Wednesday, June 15, 2005

On the neurophysiological argument

The dialogue concerning the case against the future life is interesting. I would say that the neurological dependence argument is interesting and if we were considering only the data there I might be inclined to be a materialist, but absent any good physicalist responses to issues like the unity of consciousness, intentionality, the role of truth in a materialist world, mental causation, the psychological role of the laws of logic, the weakness of Darwinian arguments for the reliability of our mental lives if materialism is true, the problems connected with indexicals and the first person, the persistent failure of materialists to explain consciousness without explaining it away, I don't think the neurophysiological argument gives us good grounds, on the whole, to accept materialism.

As for the problem of survival, couldn't a Christian claim something like this: that there is a soul, that its mental states require the existence of a close relationship to the body, that it continues to exist into the next life, where it is re-embodied with all the "information" from its earthly life to count as the person who lived on earth? The soul is the continuer from the earthly life to the future life, but the embodiment-dependent mental life is guaranteed by the strucural similarity of the future embodiment to the earthly embodiment. The Christian is committed to the resurrection of the body and not the immortality of the soul, but the view I am suggesting says that we still need the soul to solve personal identity problems, even though it cannot function in a disembodied state. Although, I suppose God could "plug in" the information the soul received from its body on earth without actually providing a body.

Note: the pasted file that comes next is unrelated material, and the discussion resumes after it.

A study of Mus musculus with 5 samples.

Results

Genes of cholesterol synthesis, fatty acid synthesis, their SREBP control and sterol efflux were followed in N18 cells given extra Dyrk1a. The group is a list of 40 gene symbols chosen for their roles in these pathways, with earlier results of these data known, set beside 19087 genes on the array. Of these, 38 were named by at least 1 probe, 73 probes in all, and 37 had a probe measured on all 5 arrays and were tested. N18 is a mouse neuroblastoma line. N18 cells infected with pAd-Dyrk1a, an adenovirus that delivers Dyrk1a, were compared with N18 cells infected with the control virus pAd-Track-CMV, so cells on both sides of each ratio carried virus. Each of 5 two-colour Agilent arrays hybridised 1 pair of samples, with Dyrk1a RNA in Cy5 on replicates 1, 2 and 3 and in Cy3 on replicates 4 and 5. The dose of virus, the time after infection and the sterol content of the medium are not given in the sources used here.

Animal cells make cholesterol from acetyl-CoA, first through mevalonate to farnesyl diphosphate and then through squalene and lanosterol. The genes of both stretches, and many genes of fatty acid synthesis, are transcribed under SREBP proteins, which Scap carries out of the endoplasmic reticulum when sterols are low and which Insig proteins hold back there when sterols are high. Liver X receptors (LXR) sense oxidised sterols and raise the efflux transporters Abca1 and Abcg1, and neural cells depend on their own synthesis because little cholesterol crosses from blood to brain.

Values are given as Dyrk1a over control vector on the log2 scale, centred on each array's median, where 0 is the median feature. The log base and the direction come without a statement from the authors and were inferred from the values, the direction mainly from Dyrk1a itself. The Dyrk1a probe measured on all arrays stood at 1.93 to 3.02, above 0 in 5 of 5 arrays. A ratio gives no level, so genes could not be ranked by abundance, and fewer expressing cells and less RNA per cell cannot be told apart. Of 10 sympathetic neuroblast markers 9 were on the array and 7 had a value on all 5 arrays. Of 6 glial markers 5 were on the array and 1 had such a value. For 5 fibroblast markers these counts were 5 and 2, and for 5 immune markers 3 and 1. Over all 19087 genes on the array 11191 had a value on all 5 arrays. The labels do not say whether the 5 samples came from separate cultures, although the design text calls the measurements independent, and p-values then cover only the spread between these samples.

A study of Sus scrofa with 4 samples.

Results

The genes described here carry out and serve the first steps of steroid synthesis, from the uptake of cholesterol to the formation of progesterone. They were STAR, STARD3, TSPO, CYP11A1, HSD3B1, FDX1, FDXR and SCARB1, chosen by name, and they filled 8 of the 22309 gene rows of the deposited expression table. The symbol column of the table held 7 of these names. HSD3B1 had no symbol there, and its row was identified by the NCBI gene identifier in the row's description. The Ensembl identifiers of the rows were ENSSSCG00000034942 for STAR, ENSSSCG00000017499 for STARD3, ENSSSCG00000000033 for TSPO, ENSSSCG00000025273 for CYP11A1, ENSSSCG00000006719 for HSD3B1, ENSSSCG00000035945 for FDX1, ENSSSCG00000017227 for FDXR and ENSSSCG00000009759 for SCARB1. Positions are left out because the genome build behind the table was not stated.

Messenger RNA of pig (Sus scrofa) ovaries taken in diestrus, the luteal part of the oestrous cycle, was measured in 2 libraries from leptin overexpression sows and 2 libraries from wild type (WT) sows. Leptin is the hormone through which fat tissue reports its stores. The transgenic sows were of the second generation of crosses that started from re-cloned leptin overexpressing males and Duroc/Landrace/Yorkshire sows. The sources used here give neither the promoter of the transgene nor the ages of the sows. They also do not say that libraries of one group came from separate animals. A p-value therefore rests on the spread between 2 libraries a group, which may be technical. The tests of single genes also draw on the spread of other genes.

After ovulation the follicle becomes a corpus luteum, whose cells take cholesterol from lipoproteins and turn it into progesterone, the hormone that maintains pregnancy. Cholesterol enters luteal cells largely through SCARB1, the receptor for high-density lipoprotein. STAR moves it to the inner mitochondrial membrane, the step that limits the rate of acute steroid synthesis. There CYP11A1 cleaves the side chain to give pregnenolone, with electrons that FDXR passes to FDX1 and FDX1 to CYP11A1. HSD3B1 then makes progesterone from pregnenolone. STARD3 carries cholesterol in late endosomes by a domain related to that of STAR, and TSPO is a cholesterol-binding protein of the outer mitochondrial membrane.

3 comments:

Steven Carr said...

It is intriguing that the 'information' can be 'reembodied' and that this would count as the person who lived on earth.

With this model, Victor could today meet the resurrected Victor, as the information could be reembodied in a new body without having to destroy Victor's present body.

Clearly such a being would not be the Victor who lives on Earth. It would be a clone.

Some Jews have 'solved' the problem of this discontinuity between the destroyed person and the recreated person by positing a tiny bone in the body which can never be destroyed.

From that, God can recreate the person.

Victor's 'soul' seems to be playing the role of this bone. It is just there as an ad hoc solution of 'personal identity' problems.

Dennis Monokroussos said...

If I understand Victor's view correctly, it's not at all like the Jewish view, because while no one is inclined to think that particular bone is you, the soul, which is the seat of consciousness, is a far more plausible candidate - both pre- and post-philosophically.

I should add, perhaps as a clarification of what I understand his view to be, that it's not the information that makes the person. A soul without any mental content is barren, but it's still either the person or an essential component of the person. Unlike the "bone" theory of identity, it's not just some arbitrary metaphysical pin cushion, unimportant in itself, within which to stick everything that really counts.

Finally, it's a pity that such a view seems "intriguing" and needs to be clarified. I don't say that either to disparage Victor or Steven, but out of regret that what is essentially Aquinas's view seems unfamiliar. It seems that both friends and enemies of dualism tend to be overly focused on Descartes' model and insufficiently aware of alternative versions - even when they're older and at least prima facie better reflect both common sense and the major western monotheistic traditions.